Voters Lifting Democracy Reform Issues
As Americans cast their votes today, one message of the 2016 election already is clear: left, right and center, people are determined to make our democracy again work for them and their families.
While journalists have focused on the public’s frustration with politics as usual, largely missed in the run-up to today’s election has been a burgeoning and increasingly successful nationwide movement for democracy reform. From the presidential primaries to a plethora of state and local ballot initiatives, voters are pushing for bold steps to create a 21st Century democracy.
Common Cause is in the vanguard of this new democracy movement, just as we’ve been working for a stronger, more representative democracy since our founding in 1970. Except for the Watergate era mid-term elections of 1974, we haven’t witnessed an election as focused on democracy itself as this one.
Today’s ballots in Howard County, MD, and Berkeley, CA, include citizen-driven initiatives to empower small-dollar campaign donors and break the dominance of big money on local elections; in Alaska, voters are considering a proposal for automatic voter registration, a reform already adopted in at least five other states. Rhode Island voters are considering an important ethics reform measure and in Sacramento, CA and the state of South Dakota, voters will decide whether to create independent commissions to handle redistricting, an increasingly popular step states and localities are taking to end partisan gerrymandering.
Over the past five years, voters or their representatives in states and localities that are home to more than 130 million Americans have formally called on Congress to propose a constitutional amendment that would permit us to restore sensible limits on political spending so that every citizen can be heard in our political debates. Some states have moved to strengthen the right to vote through automatic voter registration and Election Day or same day registration, many have expanded early voting opportunities and made it possible for people to vote by mail and/or at locations convenient to their workplaces as well as their homes.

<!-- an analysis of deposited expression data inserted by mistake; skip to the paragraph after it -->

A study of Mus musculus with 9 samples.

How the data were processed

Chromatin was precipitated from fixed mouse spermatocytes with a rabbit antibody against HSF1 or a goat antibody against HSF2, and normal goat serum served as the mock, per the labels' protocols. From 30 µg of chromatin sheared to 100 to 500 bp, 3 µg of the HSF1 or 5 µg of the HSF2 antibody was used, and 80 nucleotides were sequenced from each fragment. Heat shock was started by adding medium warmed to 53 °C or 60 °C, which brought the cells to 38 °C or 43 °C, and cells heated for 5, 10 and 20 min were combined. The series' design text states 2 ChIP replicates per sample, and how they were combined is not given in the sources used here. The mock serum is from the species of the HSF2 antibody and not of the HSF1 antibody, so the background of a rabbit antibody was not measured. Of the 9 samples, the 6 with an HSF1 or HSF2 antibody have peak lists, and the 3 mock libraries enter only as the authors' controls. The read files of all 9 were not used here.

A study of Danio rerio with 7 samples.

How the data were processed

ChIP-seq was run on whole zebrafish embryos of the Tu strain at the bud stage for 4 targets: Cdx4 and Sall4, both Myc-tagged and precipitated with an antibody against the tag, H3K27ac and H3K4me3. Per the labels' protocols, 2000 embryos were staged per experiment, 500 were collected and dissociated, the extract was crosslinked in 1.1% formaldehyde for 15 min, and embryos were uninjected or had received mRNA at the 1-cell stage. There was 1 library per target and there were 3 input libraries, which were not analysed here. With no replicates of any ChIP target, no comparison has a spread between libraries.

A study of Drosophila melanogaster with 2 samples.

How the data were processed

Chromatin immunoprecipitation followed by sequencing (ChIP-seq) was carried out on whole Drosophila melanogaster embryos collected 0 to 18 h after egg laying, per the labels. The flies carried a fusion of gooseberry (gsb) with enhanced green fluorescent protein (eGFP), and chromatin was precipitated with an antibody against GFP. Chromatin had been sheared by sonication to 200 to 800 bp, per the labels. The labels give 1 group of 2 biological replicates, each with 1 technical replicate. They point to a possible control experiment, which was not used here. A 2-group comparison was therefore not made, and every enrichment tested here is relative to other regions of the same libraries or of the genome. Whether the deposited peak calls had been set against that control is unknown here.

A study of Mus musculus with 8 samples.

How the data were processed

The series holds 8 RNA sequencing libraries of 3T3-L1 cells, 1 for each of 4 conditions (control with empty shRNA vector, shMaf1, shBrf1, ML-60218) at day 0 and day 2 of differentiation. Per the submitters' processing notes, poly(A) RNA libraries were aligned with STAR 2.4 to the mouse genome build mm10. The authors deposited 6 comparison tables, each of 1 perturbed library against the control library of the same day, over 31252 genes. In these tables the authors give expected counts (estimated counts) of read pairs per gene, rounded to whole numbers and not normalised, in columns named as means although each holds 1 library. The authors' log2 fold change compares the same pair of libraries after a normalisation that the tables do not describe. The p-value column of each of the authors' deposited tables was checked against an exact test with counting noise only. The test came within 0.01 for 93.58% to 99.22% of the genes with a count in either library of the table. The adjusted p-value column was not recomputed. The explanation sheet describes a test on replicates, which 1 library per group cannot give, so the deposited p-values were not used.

From the White House to Congress and the statehouses, the people being elected today should be on notice that the public expects action on these issues. Far from a one-off election cycle for democracy issues, 2016 signals the arrival of democracy reform as a national issue; its success in breaking through is a result of a movement of citizens in cities and states that has been simmering since Citizens United and reached its boiling point this year.
The same voters who distrust government and are disgusted by partisan politics today also believe in a democracy where everyone participates, their voice is heard by their government and their vote counted fairly. The long lines at precincts today — even after 40 million Americans voted early — testify to Americans’ continuing determination to make the system work for everyone. Voters want to choose representatives based on the strength of their ideas and character, and move away from the polarization that comes from these partisan power games.